The first battle has been lost, but the war on the city’s broken property tax system marches on.
A City Council proposal to grant a $400 rebate to all homeowners earning less than $150,000 failed to make it into the $89.15 billion budget deal struck between Speaker Corey Johnson and Mayor Bill de Blasio, Crain’s reports.
While that opening skirmish has ended in defeat, the larger campaign for substantive tax reform continues. Leading the charge is a seven-person panel that will endeavor to make the city’s property taxes “simpler, clearer and fairer,” according to the mayor’s office. Advocates frequently charge that the current property tax system unfairly shifts the tax burden to landlords of rental buildings in the outer boroughs while offering comparatively lower tax rates for owners of one- and two-family homes, condominiums and co-op units, particularly in wealthier neighborhoods. In another front in the ongoing war, a coalition of activist groups and real estate developers known as Tax Equity Now New York (TENNY) has sued the city, claiming that the city’s property tax system is not only unfair and unconstitutional, but also racially discriminatory.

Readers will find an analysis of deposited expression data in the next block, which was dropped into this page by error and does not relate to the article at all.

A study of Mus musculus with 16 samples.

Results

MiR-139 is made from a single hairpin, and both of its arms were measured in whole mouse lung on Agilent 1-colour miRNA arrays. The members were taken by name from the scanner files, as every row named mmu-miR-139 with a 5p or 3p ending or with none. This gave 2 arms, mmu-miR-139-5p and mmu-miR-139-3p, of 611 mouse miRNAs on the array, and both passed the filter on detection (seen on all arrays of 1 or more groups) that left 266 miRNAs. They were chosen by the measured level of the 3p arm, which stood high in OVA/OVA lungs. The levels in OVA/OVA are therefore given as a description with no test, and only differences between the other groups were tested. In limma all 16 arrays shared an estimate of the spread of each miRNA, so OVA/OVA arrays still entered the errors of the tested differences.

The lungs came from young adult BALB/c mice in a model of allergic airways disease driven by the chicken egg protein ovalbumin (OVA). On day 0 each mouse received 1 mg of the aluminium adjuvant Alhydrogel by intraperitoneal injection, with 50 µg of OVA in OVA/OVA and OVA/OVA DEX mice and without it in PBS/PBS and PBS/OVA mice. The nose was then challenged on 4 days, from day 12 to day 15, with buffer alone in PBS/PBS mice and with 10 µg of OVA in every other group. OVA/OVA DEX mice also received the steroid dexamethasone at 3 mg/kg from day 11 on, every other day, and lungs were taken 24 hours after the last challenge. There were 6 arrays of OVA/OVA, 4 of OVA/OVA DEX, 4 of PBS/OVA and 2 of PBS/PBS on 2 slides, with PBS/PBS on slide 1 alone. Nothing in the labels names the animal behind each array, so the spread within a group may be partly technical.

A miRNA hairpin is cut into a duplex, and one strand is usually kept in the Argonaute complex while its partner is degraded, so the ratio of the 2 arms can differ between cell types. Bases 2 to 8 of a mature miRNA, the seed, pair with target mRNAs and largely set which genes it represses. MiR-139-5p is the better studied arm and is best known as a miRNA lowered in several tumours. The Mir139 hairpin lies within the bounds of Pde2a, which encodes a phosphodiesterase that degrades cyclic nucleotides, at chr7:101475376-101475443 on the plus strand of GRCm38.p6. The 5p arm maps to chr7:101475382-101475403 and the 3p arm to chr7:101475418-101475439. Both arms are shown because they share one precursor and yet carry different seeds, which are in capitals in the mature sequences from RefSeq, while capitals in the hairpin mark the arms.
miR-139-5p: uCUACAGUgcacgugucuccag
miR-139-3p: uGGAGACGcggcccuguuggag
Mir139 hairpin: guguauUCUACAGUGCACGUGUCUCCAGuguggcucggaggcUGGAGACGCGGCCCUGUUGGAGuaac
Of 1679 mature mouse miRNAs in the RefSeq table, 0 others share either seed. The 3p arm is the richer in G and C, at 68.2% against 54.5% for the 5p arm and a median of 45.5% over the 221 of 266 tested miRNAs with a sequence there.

The commission will examine the four-tier tax classification system, the methods of determining property market values and assessments, and the method of calculating tax rates, Commercial Observer reports. The group will hold at least 10 public hearings, which have yet to be scheduled.
TENNY’s lawsuit, according to the group’s members, spurred the mayor and city council to create the commission. “Without TENNY, this latest iteration of a property-tax commission would have never happened,” says Martha Stark, TENNY’S policy director. “The difference this time is that our litigation isn’t just about unfairness, it’s that the property tax is illegal and unconstitutional. While we hope this commission will promptly address these issues, history has made us skeptical that anything will change.”
Oral arguments will be heard in TENNY’s lawsuit today.